In theory, the difficult portion of the schedule for Stanford was supposed to begin last week.
It was the Cardinal versus USC, a clash of dichotomous styles, a former giant attempting to reclaim its status against the only school in the Pac-12 still considered one. It was a matchup of the two teams with the highest – and exact same – odds of winning the conference title.
It wasn’t close.
Stanford was effective and methodical in its 27-10 thumping of USC. Difficult portion of the schedule, you said? Not last week.
Perhaps this week, then, will mark the beginning of the Cardinal’s trials, in its first road game against a UCLA team that has been disappointing yet is just one fourth-down conversion from being 3-0.
Saturday presents an opportunity for the Bruins to legitimize themselves against a Stanford team they seem perfectly designed to beat, if only because they might be the only team that has a chance to contain the firework show that is Christian McCaffrey.
It won’t go unnoticed that McCaffrey decimated UCLA for 369 all-purpose yards in the Cardinal’s 56-35 rout over the Bruins in 2015, and that the final score hardly indicates just how soundly Stanford beat the Bruins. This is a different year, though, and UCLA’s defensive line is anchored once more by Eddie Vanderdoes, whose presence alone has significantly improved the Bruins’ run defense.
Last week, in a 17-14 win over BYU, the Bruins limited the Cougars to 23 yards on 25 carries. While BYU boasts no Heisman candidates in the backfield, it is no small feat to hold a fairly good team to nearly one yard per carry. For the first time all season, Stanford may have to open it up through the air, if only to keep the defense honest and give McCaffrey some breathing room.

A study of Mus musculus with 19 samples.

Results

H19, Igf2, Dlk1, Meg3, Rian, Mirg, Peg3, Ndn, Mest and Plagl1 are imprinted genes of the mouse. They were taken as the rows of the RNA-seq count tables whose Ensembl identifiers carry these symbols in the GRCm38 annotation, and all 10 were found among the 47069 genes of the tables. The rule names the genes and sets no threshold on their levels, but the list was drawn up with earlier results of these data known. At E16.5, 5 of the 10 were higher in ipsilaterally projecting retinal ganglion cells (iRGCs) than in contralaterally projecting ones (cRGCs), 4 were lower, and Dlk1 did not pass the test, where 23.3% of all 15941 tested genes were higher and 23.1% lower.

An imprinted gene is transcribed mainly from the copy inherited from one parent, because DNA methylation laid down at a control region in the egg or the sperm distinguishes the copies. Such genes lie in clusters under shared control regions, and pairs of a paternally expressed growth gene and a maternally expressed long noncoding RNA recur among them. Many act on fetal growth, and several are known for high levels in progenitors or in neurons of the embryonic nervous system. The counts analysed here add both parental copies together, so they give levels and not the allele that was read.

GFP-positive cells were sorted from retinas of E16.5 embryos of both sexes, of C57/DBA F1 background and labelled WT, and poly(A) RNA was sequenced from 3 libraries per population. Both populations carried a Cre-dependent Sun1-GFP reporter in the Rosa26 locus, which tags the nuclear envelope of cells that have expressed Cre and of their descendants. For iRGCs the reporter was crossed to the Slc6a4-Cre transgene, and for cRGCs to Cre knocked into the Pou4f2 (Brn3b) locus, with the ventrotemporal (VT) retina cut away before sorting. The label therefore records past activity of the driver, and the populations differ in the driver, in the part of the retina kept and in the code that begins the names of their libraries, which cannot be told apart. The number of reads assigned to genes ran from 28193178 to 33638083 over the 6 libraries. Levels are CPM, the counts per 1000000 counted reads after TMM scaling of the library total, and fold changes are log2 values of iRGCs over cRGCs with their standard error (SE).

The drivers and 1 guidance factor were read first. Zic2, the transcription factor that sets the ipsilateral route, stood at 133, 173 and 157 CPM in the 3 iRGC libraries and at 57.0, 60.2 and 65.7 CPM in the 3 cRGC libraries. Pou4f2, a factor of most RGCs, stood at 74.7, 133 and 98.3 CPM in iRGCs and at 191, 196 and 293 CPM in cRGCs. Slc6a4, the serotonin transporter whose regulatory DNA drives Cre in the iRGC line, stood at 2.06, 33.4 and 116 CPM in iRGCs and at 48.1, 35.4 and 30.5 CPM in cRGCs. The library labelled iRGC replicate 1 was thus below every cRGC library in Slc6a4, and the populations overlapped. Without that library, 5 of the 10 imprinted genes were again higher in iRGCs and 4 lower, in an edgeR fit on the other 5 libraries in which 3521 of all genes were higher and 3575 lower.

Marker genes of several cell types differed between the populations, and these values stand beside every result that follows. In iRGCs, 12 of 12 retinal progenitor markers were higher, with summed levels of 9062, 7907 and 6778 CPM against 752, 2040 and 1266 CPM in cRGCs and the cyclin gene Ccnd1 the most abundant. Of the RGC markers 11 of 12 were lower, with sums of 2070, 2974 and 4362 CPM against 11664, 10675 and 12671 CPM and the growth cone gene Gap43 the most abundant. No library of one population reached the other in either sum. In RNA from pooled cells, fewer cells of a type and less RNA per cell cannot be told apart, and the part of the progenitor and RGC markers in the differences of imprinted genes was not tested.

Beyond that, there is the factor of playing away from home, the first time Stanford will do so this year. Quarterback Ryan Burns has never had to start in a hostile environment, particularly one like the Rose Bowl.
“It’s going to say a lot about our mentality, about our preparation and our maturity,” Stanford coach David Shaw said. “It’ll be a different environment, a different locker room, a different pregame setup, a different field, and a different sun location… Are we strong enough mentally and emotionally to come back and play our best when [UCLA] plays well there? We’ll see.”
Discipline has never been an issue for a Shaw-coached team, and he is, oddly enough, not the coach who should be worried about the play of his quarterback. UCLA sophomore Josh Rosen is widely regarded as one of the best NFL draft prospects in college football – but there’s only so much he can do if he’s not on his feet.
In the last three matchups between the two teams, UCLA hasn’t recorded a single sack, while the Cardinal have brought down Bruins quarterbacks Brett Hundley and Rosen a combined 12 times. Thus far this year, if Rosen doesn’t get going, neither does the UCLA offense.
Should that happen – and given the body of work from Stanford so far, it shouldn’t come as a surprise if it does – we will have to push back the “difficult portion” of Stanford’s schedule yet another week.